This blog post is the third and final update about my Tic-tac-toe game, written in Swift. The source code is available on GitHub:
The app now has a user interface, which allows you to play against the computer or against another person on the same iPhone.
In my article about the Tic-tac-toe gameplay and data model I presented a diagram of domain components, such as the Game and GameBoard classes. The article about artificial intelligence reviewed a perfect-opponent strategy implementation. Now that the app has a user interface which ties these components together, we can see how they fit into the bigger picture.
The containment relationship between Game and GameBoard (i.e. a Game has a GameBoard) is mirrored by GameViewController and GameBoardView. When GameViewController begins a new game of Tic-tac-toe, it creates a GameBoard used as the data source for both a Game and GameBoardView.
As the code comments above indicate, creation of the layout and renderer objects is delayed until drawRect(_:) is called to ensure that the view’s graphics context and size are valid. Each object has two properties; one with an underscore prefix to store the object and another, without a prefix, that creates the object when necessary. This is similar to having a custom property accessor that uses an instance variable, in Objective-C.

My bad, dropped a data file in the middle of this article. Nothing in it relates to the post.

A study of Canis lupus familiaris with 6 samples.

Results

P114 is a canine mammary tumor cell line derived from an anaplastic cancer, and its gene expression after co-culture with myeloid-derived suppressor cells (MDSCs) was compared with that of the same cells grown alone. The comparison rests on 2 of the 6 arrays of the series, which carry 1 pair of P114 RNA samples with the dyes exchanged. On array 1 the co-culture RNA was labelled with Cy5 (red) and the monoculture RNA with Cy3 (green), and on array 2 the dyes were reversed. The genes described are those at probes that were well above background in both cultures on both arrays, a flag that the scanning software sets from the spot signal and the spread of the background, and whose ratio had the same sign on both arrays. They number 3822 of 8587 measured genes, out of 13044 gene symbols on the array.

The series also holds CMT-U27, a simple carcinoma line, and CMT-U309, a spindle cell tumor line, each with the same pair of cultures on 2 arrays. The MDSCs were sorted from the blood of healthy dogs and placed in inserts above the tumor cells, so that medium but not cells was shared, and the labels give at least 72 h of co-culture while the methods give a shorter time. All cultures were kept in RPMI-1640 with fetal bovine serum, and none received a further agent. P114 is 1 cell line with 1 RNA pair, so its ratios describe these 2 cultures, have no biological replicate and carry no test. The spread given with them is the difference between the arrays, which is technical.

The rendering work is performed by GameBoardRenderer:
All of the rendering routines are defined in a private class extension:
This code might seem odd if you have experience with CoreGraphics, which is an API of C functions and structures. Thanks to Swift’s all-encompassing support for adding methods to types, I was able to create this wrapper API to hide the ugly details of using CGContext.
Rendering a user interface does not, and should not, involve determining the size and location of each thing in the user interface. This separate responsibility is often referred to as layout calculation. I separated these two responsibilities by having the renderer rely on GameBoardLayout for the size and location of every user interface element. The rendering methods seen above use these properties of a layout object:
These properties are all lazy in order to avoid calculating their values more than once. This optimization is appropriate because a layout object is used multiple times throughout a game.
There is a lot more going on in this app, so if you’re interested be sure to clone the repository and dig in!